In the four lists of disciples in the Word of God Philip is always in the fifth place. Apart from these lists, nothing is known of him outside of Johns Gospel. There we learn how he was called by the Lord (1.43), that his home was in the city of Bethsaida (1.44), and that he brought Nathanael to the Lord (1.46-47). It was Philip who was asked by the Lord, "Whence shall we buy bread?", when in excess of 5,000 had to be fed, and who replied, "Two hundred pennyworth of bread is not sufficient" (6.5-7). The Greeks who asked, "Sir, we would see Jesus" (12.20-21), addressed their remarks to Philip. During the solemn proceedings which took place in the Upper Room when the Lord Jesus stated that "no man cometh unto the Father, but by me", it was Philip who made the request, "Lord, shew us the Father, and it sufficeth us" (14.6,8).
There is a note of pathos about the reply from the lips of the Lord Jesus: "Have I been so long time with you, and yet hast thou not known me, Philip?". If we only read that verse we would consider Philip to have been with the Lord over a long period of time. Yet the "long time" was but some months in excess of three years. The words of the Lord are a mild rebuke. In that period he should have understood more.
This month marks the turn of another year. Time passes with increasing rapidity so that we can agree with the words of Job when he stated, "My days are swifter than a weavers shuttle" (7.6). At this appropriate time to pause and reflect can it be said of us, "So long time and yet"?
In Judas Iscariot we see one who had been with Him "So long time and yet not saved". It is strange to contemplate a man who saw what he saw and heard what he heard, yet was not persuaded to trust the Lord. We know that the Lord, who knew what his role would be in the sad events leading up to the Cross, chose him. Despite that, it causes wonder that his heart was not touched by the life, works, and teaching of the Lord. Perhaps the reader has been close to the gospel for many years and yet still does not acknowledge the Lord Jesus as Lord and Saviour, and so the words ring out to you, "So long time and yet".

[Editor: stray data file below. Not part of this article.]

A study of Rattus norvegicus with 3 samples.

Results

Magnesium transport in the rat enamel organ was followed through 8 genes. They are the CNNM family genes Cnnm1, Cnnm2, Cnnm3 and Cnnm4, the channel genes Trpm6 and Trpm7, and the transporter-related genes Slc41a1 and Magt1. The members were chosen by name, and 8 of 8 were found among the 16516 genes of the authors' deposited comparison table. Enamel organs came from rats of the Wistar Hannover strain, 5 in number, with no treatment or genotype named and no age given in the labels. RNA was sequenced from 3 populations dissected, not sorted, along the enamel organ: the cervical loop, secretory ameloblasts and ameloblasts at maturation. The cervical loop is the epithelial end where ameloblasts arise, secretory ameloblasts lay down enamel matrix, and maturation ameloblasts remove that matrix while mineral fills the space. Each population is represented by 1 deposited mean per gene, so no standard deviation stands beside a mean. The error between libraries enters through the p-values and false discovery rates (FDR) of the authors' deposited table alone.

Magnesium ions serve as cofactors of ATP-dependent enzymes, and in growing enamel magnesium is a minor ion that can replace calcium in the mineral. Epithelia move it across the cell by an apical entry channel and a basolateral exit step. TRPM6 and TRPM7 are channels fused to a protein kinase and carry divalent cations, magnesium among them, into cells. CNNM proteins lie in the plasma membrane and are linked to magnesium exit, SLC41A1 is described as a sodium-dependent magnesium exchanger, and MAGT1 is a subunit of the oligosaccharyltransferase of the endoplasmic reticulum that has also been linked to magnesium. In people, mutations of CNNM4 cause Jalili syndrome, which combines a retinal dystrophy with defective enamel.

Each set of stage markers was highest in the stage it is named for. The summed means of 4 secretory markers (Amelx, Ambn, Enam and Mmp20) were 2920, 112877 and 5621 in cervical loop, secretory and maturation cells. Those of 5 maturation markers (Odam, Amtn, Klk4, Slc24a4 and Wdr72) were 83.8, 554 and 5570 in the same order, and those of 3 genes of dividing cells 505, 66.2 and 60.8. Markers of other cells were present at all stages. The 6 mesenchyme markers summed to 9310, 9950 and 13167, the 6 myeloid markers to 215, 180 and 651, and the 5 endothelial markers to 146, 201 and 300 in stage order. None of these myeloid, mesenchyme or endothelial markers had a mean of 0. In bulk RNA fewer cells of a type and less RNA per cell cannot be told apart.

After feeding the 4,000 the Lord and His disciples sailed back from Dalmanutha (Mk 8.13-21). When He charged them to beware of the leaven of the Pharisees and the Herodians, they thought that He was censuring them for failing to bring sufficient bread. "Perceive ye not yet, neither understand? have ye your heart yet hardened?" Over this incident can be written, "So long time and yet not understanding". Comparing what He said (v.15) with their interpretation of His words (v.16) illustrates just how much we fail, as they did, to perceive the meaning of His teaching. Hardened hearts were the cause of their failure. The clarity of His words is beyond doubt, but they chose to interpret them in another way. Let us ensure that we do not deliberately fail to understand the clear teaching of the Lord as we attempt to avoid its demands.
Despite having had power to cast out demons, nine disciples now stand powerless before a father who had brought to them his demon possessed son (Mk 9.14-29). Here we have men who had been with Him "So long time and yet not effective". Their power had gone. Their failure to acknowledge by prayer and self-denial their need of Him led to this catastrophe. Perhaps the reader realises that the power once enjoyed in His service has fled. Their work is now routine and empty. Let us not forget that any power to serve comes from Him alone.
As the intense devotion of a woman, who understood what He had said about His death, filled the house, the disciples complained, "To what purpose is this waste?" (Mt 26.8). Their words cause us to cry, "So long time and yet not fully devoted". What would have been our reaction? Do we give the Lord our best, as she did? Are our hearts so devoted that nothing is too good to give to Him and nothing is too precious to keep back from Him?
Let us seek to serve Him with such devotion that it cannot be said sorrowfully of us, "So long time and yet".